July 19, 2010 – Federalist No. 59 – Cathy Gillespie


Hello from Mt. Vernon Virginia! As Janine mentioned in her essay last night, we have been very busy over the past few days reading essays and poems, viewing short films and public service announcements, listening to songs, and looking at artwork, all submitted by a diverse group of young people across the country, with theme of how the Constitution is relevant to them today!

The good news is that we received an overwhelming response for our first “We The People 9.17 Contest!”   The entries have been inspiring! The contest entrants all worked hard and put forth their very best efforts and creativity!

The bad news is that there are only so many hours in a day, and I have discovered that every now and then, I actually need to sleep!   I have missed writing essays on Federalist Papers for a few days, but have been greatly encouraged by the knowledge of, respect for, and dedication to the United States Constitution by the young people who entered the contest.

Stay tuned for updates on the “We The People 9.17 Contest,” including the announcement of our distinguished panel of judges, and September 17 activities in Philadelphia where we will reveal the contest winners!

Federalist No. 59 discusses the advantages of the federal government regulating its elections.  As someone who has worked in federal campaigns, I believe it makes sense to have uniform federal election laws, and the only way to achieve uniformity, is to regulate these elections federally.

Through a series of legislative acts, beginning in 1867 when Congress passed a law prohibiting officers from soliciting political contributions from Navy Yard workers, Congress has passed laws to require public disclosure of federal campaign contributions, set limits on individual contributions to federal campaigns, prohibit certain sources of campaign donations,  restrict certain types of federal campaign expenditures, and in certain cases, limit federal campaign expenditures if public financing is accepted.  Because of abuses that occurred during the Watergate era of our country, the Federal Election Commission (FEC) was established in 1975 as an independent agency, with civil enforcement jurisdiction, authority to write regulations, monitor compliance, and serve as a centralized source of information about federal elections, federal campaign committees, and federal campaign donors.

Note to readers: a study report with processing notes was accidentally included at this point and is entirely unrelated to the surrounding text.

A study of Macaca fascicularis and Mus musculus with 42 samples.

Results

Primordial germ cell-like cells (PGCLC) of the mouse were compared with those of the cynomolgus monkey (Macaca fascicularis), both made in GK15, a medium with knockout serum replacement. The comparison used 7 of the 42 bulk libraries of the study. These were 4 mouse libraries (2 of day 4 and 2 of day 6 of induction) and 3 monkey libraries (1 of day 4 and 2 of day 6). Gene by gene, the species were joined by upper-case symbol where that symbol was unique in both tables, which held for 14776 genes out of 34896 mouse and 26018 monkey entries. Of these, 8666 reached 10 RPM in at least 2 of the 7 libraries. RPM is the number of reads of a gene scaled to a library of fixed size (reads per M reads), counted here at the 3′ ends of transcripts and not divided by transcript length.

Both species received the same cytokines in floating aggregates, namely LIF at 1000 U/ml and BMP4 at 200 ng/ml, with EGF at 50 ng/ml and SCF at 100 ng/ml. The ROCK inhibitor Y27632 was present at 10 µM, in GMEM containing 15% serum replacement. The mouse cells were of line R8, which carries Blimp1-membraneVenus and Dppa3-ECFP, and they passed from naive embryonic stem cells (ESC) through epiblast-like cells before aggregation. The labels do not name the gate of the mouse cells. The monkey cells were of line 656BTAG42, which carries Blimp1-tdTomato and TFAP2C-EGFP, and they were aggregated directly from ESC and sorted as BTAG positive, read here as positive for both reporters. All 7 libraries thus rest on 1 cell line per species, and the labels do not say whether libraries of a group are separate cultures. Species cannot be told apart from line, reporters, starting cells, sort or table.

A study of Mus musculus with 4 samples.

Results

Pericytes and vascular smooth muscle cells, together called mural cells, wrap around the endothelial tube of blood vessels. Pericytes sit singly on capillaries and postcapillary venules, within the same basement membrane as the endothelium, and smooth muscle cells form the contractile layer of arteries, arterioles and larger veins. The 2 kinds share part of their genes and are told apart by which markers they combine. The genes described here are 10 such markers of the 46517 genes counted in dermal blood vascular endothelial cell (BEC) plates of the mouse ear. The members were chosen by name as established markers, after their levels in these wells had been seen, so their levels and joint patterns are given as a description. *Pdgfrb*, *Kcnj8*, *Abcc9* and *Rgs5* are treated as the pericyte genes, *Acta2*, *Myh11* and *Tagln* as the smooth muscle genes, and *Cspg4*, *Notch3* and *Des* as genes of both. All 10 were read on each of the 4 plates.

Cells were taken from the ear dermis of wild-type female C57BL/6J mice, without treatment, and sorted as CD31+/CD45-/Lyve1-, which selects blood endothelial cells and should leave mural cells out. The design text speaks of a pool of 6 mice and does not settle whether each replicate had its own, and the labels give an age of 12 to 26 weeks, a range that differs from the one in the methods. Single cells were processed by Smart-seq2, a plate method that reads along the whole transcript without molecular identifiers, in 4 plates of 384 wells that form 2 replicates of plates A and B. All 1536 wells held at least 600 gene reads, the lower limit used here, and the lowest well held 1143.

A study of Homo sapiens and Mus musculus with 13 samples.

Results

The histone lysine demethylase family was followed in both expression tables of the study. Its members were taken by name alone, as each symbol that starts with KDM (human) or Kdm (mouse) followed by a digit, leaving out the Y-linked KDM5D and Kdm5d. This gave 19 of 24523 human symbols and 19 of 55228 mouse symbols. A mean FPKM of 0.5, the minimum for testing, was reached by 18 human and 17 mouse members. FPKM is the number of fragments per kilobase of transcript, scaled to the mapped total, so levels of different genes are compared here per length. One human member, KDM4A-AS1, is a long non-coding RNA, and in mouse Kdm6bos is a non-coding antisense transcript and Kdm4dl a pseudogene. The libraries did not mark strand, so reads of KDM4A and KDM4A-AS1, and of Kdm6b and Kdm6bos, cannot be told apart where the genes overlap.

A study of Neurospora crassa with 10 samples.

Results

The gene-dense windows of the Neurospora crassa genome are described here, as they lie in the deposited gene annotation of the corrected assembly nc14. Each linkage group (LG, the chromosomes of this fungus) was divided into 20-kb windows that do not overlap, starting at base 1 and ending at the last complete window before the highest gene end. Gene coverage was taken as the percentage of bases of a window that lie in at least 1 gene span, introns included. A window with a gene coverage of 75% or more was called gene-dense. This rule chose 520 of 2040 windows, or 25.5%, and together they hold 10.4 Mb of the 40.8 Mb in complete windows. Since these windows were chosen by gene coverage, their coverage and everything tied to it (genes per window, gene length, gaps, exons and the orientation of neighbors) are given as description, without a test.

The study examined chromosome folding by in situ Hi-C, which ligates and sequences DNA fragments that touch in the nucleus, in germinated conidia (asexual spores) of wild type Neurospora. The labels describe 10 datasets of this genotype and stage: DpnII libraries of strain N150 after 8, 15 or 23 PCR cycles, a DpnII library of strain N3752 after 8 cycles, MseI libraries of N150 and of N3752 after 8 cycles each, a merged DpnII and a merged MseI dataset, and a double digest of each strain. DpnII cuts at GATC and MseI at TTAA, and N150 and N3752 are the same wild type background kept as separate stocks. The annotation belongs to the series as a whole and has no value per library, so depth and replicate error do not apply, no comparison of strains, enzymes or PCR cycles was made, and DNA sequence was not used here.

If you have never taken a few minutes to explore the Federal Election Commission website: www.fec.gov, I highly recommend it.  You will find it fascinating!  With a few clicks (“Campaign Finance Reports and Data” on left sidebar, and then “Search the Disclosure Database”) you can search Federal Campaign Contribution Data in a variety of ways.   You can also read about the latest campaign finance laws and regulations and a history of the FEC.

Like all other congressional powers, our founding fathers devised checks on Congress’s regulation of Federal elections.  One check, the States’ power to appoint U.S. Senators, was removed with the adoption of the 17th Amendment.  This was an important structural check, noted by Hamilton in Federalist No. 59 as “that absolute safeguard which they (States) will enjoy under this provision.”

While the States have lost their power to have a voice in Congress’s power to regulate federal elections, the judicial branch is still actively engaged.  The Supreme Court’s recent decision in Citizens United vs. the Federal Electio Commission (holding that the First Amendment prohibits restrictions on corporate financing of independent advertising in federal election campaigns) is one example.

Of course the most important check is our vote.  As Janine Turner stated in her Fox News Op-Ed, Your Vote is Your Voice . Ues it!  Research how your member of Congress votes on Federal Election Law issues.  Do you agree or disagree? Let your vote be your voice on November 2, 2010!